For students from non-dominant populations, learning science in school can bring together three distinct cultures: science teaching, scientific practice, and home culture. Science teaching and scientific practice can both be understood as specific cultures in which successful participation requires a knowledge of “norms, values, beliefs, expectation, and conventional actions” (p. 13). This study examined the effectiveness of intentionally designed teacher professional development that sought to integrate Native American students’ cultures with the way science is taught in the classroom. It studied teachers’ beliefs and practices and explored how the program contributed to improvement in science test scores. Informal science education (ISE) practitioners interested in reaching non-dominant populations can use this study as evidence that professional development focusing on cultural points of intersection can have a positive effect on teacher practice and student learning.
Local tribal advisory teams, higher education faculty, and teacher leaders jointly developed this three-year professional development program. They balanced science content with relevant Native American experiences and designed teaching strategies to complement tribal cultural practices. The 25 K–8 schools that participated in the study were located on Native American reservations in Montana; all were small schools with limited resources. The students in the study were in Grades 3–8. Participating schools had varying percentages of Native American students, many with 100%, and a few as low as 30%. Teachers participated in professional development through face-to-face meetings, including monthly daylong meetings, a two-week summer meeting, and a three-day camp. Online discussions offered continuous support throughout the program. Two cohorts of teachers who completed the program during a five-year period were split into treatment and comparison groups.
Data were gathered using classroom observations, lesson plans, student work, teacher surveys, and science content tests for both students and teachers. Teachers were surveyed at three points using the Surveys of Enacted Curriculum (CCSSO, 2005), which is designed to capture what content is taught and how it is taught. Four teaching practices and two teacher beliefs were the focus of this study.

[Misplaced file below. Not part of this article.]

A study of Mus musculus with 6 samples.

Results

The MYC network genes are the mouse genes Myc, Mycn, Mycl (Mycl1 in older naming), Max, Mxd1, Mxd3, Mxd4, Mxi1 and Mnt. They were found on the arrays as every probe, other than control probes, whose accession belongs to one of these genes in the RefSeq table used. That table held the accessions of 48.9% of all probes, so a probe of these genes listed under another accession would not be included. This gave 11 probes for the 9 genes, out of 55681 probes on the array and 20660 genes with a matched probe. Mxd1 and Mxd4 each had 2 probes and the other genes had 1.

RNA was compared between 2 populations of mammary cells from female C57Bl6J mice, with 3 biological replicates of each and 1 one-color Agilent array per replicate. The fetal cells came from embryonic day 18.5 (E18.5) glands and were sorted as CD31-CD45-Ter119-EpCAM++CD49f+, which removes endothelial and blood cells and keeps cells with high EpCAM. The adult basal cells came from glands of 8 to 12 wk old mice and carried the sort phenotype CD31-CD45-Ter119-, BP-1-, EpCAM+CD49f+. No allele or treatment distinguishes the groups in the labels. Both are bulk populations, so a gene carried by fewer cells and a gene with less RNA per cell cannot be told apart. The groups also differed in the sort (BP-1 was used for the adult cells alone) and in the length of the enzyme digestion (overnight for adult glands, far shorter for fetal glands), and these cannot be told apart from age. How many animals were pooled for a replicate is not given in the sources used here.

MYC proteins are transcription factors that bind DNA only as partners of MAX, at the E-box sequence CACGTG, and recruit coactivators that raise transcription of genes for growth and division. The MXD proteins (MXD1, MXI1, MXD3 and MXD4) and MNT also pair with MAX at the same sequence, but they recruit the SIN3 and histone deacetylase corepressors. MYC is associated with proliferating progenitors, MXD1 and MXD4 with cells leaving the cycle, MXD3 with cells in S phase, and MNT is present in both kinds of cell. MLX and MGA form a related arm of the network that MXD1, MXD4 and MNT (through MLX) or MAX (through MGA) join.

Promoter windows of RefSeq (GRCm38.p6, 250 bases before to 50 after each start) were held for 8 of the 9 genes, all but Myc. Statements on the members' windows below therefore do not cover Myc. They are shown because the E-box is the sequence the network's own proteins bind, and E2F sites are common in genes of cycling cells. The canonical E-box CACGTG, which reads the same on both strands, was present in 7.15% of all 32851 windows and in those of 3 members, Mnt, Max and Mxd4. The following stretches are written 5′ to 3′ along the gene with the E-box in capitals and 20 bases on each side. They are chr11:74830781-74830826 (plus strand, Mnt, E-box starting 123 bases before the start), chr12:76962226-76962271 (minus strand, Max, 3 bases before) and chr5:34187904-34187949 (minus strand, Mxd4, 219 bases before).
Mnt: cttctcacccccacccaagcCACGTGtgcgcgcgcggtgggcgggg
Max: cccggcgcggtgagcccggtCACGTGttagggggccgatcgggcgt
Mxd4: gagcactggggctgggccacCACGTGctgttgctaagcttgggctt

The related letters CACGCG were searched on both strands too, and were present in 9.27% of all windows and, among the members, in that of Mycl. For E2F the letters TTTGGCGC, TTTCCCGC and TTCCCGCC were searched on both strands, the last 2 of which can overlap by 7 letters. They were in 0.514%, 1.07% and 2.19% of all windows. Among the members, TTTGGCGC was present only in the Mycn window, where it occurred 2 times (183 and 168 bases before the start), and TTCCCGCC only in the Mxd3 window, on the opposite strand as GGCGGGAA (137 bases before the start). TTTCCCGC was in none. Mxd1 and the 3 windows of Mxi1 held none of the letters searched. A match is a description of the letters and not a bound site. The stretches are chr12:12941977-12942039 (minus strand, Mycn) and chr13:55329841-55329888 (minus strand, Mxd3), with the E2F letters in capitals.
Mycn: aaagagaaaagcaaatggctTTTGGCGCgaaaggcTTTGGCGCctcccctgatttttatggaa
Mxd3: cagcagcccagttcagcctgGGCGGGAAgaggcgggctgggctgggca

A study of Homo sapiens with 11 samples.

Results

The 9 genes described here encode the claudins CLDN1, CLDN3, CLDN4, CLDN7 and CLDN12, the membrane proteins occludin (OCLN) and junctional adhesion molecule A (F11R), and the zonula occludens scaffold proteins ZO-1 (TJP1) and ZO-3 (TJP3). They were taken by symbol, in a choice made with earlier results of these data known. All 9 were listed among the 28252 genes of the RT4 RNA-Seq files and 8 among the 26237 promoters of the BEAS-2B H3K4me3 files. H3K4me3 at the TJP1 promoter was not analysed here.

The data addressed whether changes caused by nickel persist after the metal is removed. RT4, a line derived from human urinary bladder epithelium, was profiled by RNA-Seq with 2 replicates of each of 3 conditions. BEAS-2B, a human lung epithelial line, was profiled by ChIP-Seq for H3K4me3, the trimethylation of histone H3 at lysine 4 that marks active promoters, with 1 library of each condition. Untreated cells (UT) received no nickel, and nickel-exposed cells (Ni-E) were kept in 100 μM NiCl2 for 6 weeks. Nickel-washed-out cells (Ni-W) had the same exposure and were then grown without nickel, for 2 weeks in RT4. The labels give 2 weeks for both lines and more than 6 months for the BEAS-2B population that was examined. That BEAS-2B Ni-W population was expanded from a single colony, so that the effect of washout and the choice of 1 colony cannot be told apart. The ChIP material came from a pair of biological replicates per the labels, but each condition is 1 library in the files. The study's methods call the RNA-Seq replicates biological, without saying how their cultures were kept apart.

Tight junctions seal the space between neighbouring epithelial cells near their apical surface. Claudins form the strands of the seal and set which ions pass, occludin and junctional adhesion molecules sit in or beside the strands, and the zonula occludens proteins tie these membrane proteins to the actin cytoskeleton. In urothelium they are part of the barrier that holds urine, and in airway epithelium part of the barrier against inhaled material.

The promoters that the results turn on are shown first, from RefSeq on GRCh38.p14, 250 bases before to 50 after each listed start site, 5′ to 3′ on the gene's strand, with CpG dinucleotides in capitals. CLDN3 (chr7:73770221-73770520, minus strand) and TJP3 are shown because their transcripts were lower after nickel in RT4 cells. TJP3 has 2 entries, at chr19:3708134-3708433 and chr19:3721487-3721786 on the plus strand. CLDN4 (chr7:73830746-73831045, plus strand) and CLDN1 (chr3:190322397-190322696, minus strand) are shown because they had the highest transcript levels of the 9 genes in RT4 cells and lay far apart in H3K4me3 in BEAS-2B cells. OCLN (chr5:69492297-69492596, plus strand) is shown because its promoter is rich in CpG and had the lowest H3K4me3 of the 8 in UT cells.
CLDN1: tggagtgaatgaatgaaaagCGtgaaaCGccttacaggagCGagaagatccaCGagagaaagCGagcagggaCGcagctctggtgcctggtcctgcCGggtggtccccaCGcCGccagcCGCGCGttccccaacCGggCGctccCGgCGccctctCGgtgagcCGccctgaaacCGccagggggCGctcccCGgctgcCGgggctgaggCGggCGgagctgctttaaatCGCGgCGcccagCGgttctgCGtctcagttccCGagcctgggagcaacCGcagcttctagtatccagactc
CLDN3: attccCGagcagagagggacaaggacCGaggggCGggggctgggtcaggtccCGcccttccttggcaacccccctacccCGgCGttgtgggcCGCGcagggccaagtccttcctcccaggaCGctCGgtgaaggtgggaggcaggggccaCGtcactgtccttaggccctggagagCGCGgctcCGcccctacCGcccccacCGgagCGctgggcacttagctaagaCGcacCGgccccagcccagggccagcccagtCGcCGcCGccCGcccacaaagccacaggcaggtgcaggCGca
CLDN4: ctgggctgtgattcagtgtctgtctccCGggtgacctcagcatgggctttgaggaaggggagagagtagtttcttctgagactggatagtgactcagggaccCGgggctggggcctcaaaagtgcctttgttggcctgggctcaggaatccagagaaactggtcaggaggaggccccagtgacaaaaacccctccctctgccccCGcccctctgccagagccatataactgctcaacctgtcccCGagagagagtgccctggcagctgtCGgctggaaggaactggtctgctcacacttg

The teaching practices studied include having students:
Communicate their understandings and findings in multiple ways, for example, writing, discussing, and organizing information graphically
Analyze and interpret information, make predications based on data, and so on
Do exploratory activities such as hands-on investigations and simulations
Make connections between science and relevant topics in their lives and between science content and hands-on activities
The study also focused on teachers’ beliefs about:
Their readiness to teach science content at their grade level
Their ability to implement equitable instruction
Findings show that, through participation in the professional development program, teachers experienced significant and sustained change in the teaching practices of getting students to analyze information (practice 2 above) and make connections (practice 4). Teachers also saw an increase in their own mastery of science content and in their confidence in their ability to teach equitably. Students in those classrooms saw positive gains in their science test scores. Two of the survey dimensions were predictors of those score increases: making connections and teachers’ confidence in their ability to provide equitable instruction. Both dimensions are directly related to culturally relevant teaching.
The professional development program was directly influenced by the leaders’ understanding of “culturally relevant pedagogy.” Ladson-Billing’s (1995) framework posits that instruction must value and reflect students’ home culture if students of non-dominant populations are to be successful in school. Grimberg and Gummer believe that teachers must know and value students’ cultural backgrounds; understand that learning science means acquiring a new culture; and have the ability to bridge the differences between students’ home community and school science experiences. This type of teaching affirms students’ worldviews and supports the beliefs and practices of their home communities.
Implications for Practice
This study is relevant for ISE practitioners, especially afterschool program facilitators, because participants in such programs are often from diverse backgrounds and from populations traditionally underrepresented in STEM fields. A notable limitation of this study is that the researchers used a single metric to measure student outcomes. For ISE settings, test scores are not the best measure of engagement and learning. Further research could include broader measures of student outcomes.
Council of Chief State School Officers (CCSSO). (2005). Surveys of Enacted Curriculum: Tools and services to assist educators. Retrieved from https://ccsso.org/Resources/Programs/Surveys_of_Enacted_Curriculum_(SEC).html
Ladson-Billings, G. (1995). Toward a theory of culturally relevant pedagogy. American Educational Research Journal, 32, 465–491.
Grimberg, B. I., & Gummer, E. (2013). Teaching science from cultural points of intersection. Journal of Research in Science Teaching, 50(1), 12–32.
See other related research briefs in the Connected Collection: Equity in Science Education.